19 September 2018, 17:24 | Updated: 19 September 2018, 17:28
From augmented chords to a random incredible theremin part, these pop songs all give a very pleasing nod to the classical world.
These are undoubtedly the best pop songs of all time (if you’re a classical musician).
Aside from Britney’s iconic vocals, what makes ‘Toxic’ so great is that jarring tritone in the refrain. It’s an unexpected moment of dissonance, and it’s all the more awesome coming from Britney.
It’s impossible to count the number of tempo changes, key changes and bizarre instruments The Beach Boys used to create their biggest pop hit. From a chorus with one of the greatest modulations in music history to an unexpected appearance from a theremin, ‘Good Vibrations’ is the model of an incredible pop song.
Weirdly, the bassline of ‘I Want You Back’ is nearly as important as its melody. It starts with a thrilling glissando on keys, followed by a battle between the bassline and rhythm guitar line. Then, a third, completely independent line – the main melody – is added over the top, creating ACTUAL THREE-PART COUNTERPOINT. It gets better and better the more you listen to it.
A killer pop song with… a killer cello part. How often can you say that? ‘Eleanor Rigby’ is just one example of McCartney’s creative genius. Both the lyrics and harmony of ‘Eleanor Rigby’ are eerily melancholic – and that’s largely down to those eerie marcato strings.
Tonally, ‘Lovefool’ never quite makes up its mind. It starts in A minor and occasionally switches into the major, before properly landing in A major for the chorus. But then, the chorus repeats and just when it seems like it’s going to finish in a major key, we’re back to A minor and into the next verse. It’s a tonal tug-of-war, and it’s just brilliant.
A bottle of white, a bottle of red… the intro of ‘Scenes from an Italian restaurant’ is constantly undercut with those beautiful descending piano phrases. But then, we’re hit with a dramatic tempo change (at 3.36): the octave-jumping semiquavers come in, leading into one of the catchiest solo jazz piano sections in the pop-rock history. It’s the best.
Gaga outed herself as a true music geek when she opened the music video to her 2009 hit with Johann Sebastian Bach’s Fugue in B minor from The Well Tempered Clavier. We always knew she seemed like someone who’d enjoy a bit of Baroque counterpoint action.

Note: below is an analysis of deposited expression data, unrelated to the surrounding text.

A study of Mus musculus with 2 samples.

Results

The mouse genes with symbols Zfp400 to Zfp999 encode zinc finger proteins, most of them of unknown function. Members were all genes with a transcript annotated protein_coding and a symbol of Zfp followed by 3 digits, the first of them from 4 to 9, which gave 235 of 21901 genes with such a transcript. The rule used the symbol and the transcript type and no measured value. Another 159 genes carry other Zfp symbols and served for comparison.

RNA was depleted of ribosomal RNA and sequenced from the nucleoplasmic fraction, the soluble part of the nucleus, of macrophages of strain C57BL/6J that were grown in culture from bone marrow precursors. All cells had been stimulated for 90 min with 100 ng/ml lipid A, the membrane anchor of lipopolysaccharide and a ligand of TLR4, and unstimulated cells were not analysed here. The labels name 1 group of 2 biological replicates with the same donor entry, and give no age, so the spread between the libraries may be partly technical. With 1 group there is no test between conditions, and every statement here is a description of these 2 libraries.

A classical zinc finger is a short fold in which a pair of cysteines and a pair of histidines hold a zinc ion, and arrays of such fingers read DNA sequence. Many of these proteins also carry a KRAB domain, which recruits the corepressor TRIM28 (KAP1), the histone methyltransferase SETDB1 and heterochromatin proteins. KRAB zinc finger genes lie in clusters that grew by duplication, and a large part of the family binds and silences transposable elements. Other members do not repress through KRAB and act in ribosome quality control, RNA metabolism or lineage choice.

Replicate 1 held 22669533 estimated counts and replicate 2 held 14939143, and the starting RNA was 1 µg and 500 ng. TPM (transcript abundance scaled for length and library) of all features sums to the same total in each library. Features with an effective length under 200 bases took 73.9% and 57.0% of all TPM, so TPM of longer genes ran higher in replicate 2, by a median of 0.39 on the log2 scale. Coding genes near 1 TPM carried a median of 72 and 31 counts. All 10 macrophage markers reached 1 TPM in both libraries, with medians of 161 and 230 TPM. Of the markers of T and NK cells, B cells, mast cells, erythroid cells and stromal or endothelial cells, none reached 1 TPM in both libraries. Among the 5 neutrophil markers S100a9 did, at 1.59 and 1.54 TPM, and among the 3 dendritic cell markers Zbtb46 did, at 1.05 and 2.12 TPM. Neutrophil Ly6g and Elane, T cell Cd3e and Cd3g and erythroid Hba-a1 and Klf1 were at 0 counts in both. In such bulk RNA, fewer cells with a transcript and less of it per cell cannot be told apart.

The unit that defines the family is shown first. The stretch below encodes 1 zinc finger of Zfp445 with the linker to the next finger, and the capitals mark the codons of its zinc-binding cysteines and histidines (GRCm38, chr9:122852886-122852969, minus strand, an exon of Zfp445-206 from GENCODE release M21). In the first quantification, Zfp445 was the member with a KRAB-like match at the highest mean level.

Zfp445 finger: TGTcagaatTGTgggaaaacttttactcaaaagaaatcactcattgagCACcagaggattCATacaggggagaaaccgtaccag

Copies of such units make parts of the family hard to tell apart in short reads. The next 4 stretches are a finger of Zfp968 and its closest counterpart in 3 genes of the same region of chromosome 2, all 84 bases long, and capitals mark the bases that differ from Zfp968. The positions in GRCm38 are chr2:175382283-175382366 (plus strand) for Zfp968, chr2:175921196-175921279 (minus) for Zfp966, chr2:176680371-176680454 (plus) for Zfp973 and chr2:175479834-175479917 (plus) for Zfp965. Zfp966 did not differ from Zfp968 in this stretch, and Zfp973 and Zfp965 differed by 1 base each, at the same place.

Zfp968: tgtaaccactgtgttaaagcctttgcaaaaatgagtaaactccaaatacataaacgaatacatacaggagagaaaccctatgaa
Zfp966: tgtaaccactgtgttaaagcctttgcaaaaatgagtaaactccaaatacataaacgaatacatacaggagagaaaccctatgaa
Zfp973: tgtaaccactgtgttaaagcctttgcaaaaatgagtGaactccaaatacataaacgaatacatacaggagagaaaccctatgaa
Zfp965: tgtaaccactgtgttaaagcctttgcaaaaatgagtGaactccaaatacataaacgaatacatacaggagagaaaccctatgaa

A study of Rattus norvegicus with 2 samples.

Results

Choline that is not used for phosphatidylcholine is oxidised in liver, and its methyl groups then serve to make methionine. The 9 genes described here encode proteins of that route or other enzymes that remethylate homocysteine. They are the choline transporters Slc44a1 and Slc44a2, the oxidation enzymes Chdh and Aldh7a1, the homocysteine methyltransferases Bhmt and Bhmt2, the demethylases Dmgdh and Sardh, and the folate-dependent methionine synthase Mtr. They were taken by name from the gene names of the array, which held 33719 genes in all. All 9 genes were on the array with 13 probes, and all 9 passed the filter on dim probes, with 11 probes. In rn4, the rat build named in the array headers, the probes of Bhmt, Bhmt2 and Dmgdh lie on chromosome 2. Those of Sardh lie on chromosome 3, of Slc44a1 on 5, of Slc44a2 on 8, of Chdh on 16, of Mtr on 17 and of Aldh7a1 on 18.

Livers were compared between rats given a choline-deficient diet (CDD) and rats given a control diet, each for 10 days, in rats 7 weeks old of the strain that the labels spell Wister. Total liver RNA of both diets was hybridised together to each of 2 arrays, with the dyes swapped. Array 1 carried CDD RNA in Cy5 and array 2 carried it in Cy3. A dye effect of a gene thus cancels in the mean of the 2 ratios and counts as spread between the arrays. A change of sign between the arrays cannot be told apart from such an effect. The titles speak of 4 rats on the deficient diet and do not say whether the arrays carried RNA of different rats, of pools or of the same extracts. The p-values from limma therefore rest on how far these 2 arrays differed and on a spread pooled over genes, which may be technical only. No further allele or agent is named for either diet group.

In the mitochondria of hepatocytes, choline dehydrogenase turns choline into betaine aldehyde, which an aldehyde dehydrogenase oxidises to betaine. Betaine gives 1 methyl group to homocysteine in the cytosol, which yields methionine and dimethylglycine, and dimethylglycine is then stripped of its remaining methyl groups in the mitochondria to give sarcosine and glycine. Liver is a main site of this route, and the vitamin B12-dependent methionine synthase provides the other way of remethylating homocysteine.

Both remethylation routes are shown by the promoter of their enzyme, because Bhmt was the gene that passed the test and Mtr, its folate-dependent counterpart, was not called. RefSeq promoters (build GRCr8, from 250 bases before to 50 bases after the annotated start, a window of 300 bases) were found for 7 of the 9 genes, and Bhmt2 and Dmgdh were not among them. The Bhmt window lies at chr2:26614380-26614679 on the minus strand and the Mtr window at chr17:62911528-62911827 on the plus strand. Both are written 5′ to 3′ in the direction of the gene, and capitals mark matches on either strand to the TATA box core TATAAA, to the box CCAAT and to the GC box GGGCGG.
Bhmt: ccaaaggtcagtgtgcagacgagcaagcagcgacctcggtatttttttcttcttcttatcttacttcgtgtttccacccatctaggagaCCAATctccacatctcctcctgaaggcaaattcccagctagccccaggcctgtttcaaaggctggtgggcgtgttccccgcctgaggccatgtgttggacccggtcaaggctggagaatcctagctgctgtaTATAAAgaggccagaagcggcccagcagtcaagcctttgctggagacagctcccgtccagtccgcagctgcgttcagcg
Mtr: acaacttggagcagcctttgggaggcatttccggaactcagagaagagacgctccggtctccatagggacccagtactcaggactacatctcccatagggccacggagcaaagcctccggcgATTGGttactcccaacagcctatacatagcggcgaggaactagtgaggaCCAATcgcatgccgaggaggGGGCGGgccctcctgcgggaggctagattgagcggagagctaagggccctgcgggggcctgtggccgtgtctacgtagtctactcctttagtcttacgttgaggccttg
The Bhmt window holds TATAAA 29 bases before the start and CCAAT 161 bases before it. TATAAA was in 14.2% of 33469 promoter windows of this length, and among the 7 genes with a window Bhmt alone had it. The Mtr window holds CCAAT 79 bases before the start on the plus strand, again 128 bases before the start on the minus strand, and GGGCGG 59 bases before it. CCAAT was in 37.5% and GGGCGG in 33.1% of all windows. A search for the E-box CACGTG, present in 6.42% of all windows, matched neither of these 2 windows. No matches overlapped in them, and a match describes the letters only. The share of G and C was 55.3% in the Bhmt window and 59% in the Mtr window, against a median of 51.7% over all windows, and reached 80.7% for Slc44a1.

From a squealing soprano saxophone to a parpy, rhythmic trombone-tuba duet undercutting Roger Hodgson’s vocals, Supertramp are big fans of the brass section. They also use a pleasing harpsichord-esque setting on their keyboard in the opening two bars. We like.
‘Life in a Northern Town’, most famous for its chorus, is a song brimming with nostalgia, something that's mainly achieved, somewhat unexpectedly, with the wistful sound of an oboe. The instrumentation is dominated by acoustic guitar and various keyboards, but the oboe cuts through beautifully.
The instrumental passages in ‘She’s like a Rainbow’ might now have been used in about fifteen various car and perfume adverts, but they are still brilliantly original. The opening keyboard refrain, along with the descending strings, sound just like a tinkling music box.
Otherwise known as the ‘demo’ setting on everyone’s childhood keyboard, ‘Just the Way You Are’ opens with a beautifully soothing electric piano solo – but it’s the saxophone solo, expertly performed by Phil Woods, that really takes the biscuit. Have a listen from 3:00.
Paul McCartney called it “the killer song of all time” – and its power comes from a bunch of really simple, but really emotive piano chords. The way Nilsson uses the opening chords to build up to the climax of the chorus, only to bring us straight back down again, is just agonising.
It might not be one of Beyoncé’s more melodic creations, but there are some really interesting bits of music theory going on here. The ‘E’ which runs throughout the song acts as a drone under Bey’s main pentatonic melodies, giving the song a modal feel. But then, she throws in some unexpected chords in the form of siren noises over the top. Why? Because she’s Beyoncé and she can.